Pick up the STAEDTLER Noris digital pencil and it looks and feels like the real, graphite-filled thing. Start using it with the Wacom One and a natural media experience comes to life. Suddenly you’re writing, sketching and drawing with that true pencil-on-paper feel. How can a digital device like this offer so much control, comfort and freedom? What’s behind this wonderful technology and how does it all work?
STAEDTLER, based in Nuremberg, Germany, has been making drawing and writing instruments since 1835. Pencils have always been their specialty and the Noris is certainly inspired by the company’s graphite pencils which people around the world having been using for decades. STAEDTLER teamed with Wacom, the digital pen technology expert, to help merge tradition and innovation into a single product by incorporating Wacom’s patented Electro-Magnetic Resonance (EMR) technology into the Noris. When used with the compatible, newly-released Wacom One display, STAEDTLER’s Noris digital emulates the feel of traditional media. “I learned to draw using STAEDTLER 2B and HB pencils,” says Jason Chatfield, renowned cartoonist and President of the National Cartoonists Society. “Using the Noris gives me an odd sense of familiarity; a nostalgia for when I was still figuring out how to draw.”
Compatible tablets with Wacom’s digitizer technology provide power to the pencil through magnetic resonant coupling and no batteries or cords are required. As a result, the Noris digital never needs charging, unlike other digital pens. There are also virtually no consumables inside the pencil that will run down and need replacing, creating a long and virtually maintenance-free lifespan. Pencil tips can be replaced if needed. In addition, the pencil and digitizer communicate other vital information, such as pressure-sensitivity, tip orientation and on-screen location.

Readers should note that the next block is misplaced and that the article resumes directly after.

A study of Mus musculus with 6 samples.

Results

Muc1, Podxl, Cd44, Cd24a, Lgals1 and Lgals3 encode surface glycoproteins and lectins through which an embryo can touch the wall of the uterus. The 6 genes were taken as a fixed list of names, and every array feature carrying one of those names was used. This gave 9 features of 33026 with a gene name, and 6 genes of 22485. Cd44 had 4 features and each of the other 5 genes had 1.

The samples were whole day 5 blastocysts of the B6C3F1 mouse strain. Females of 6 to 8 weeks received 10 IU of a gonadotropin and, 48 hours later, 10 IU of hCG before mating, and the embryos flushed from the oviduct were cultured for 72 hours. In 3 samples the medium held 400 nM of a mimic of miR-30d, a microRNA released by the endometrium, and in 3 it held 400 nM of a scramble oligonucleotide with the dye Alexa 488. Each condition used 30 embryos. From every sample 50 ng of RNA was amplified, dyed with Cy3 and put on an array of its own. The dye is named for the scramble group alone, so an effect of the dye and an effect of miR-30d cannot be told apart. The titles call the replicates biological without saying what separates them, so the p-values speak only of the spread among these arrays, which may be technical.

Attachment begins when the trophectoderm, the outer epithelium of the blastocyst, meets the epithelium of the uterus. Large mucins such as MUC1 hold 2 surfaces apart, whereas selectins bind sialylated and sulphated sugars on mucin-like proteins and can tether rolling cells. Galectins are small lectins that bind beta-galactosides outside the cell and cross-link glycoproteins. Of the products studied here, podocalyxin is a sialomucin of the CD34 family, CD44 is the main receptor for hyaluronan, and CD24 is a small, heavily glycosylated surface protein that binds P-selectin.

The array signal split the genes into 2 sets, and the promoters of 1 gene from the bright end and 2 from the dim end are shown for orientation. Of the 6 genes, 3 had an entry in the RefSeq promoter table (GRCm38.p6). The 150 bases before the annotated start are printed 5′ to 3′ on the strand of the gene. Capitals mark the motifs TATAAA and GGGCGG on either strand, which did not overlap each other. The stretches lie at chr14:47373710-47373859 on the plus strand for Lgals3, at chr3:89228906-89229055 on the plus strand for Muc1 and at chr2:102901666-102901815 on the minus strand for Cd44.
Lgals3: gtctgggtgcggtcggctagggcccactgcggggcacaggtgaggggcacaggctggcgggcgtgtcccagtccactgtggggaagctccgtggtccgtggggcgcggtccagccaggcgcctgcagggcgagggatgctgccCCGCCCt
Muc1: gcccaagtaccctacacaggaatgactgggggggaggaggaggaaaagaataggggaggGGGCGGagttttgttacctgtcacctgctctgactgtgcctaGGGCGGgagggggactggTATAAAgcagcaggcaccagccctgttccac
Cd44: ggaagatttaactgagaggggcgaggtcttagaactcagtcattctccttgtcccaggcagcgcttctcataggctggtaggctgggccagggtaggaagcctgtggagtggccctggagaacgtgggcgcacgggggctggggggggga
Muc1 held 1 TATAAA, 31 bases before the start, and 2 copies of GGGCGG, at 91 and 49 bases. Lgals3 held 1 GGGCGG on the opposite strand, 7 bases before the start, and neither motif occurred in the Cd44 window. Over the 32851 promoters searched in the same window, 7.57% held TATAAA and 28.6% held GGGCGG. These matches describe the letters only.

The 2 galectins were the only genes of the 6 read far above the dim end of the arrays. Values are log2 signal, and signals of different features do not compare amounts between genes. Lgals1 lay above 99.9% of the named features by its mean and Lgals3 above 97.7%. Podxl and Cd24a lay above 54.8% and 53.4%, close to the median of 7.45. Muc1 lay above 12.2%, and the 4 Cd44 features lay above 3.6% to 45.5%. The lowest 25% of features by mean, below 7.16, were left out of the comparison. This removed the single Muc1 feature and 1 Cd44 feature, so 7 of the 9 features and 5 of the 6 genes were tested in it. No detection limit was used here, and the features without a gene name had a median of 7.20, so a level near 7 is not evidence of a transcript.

“As someone who learned to draw traditionally and still works in a hybrid of digital and traditional, I’m a staunch advocate for any tech that honors the traditions of a craft without eschewing them altogether. The STAEDTLER Noris does this,” continues Chatfield, who has been using the Wacom One pen display in his spare time for up-and-coming cartoonists.
This short video clip shows Jason drawing with the Noris digital pencil. “I learned to draw using pencils and thin pens, so there is absolutely no alteration in my style when using this. I’m impressed by the amount of technology placed into such a light pencil.”
If you’re ready to try the STAEDTLER Noris digital, grab a Wacom One and start drawing.
Jason Chatfield creates Australia’s favorite comic strip, Ginger Meggs, and is a frequent contributor to The New Yorker and other publications. Jason also serves as President of the National Cartoonists Society.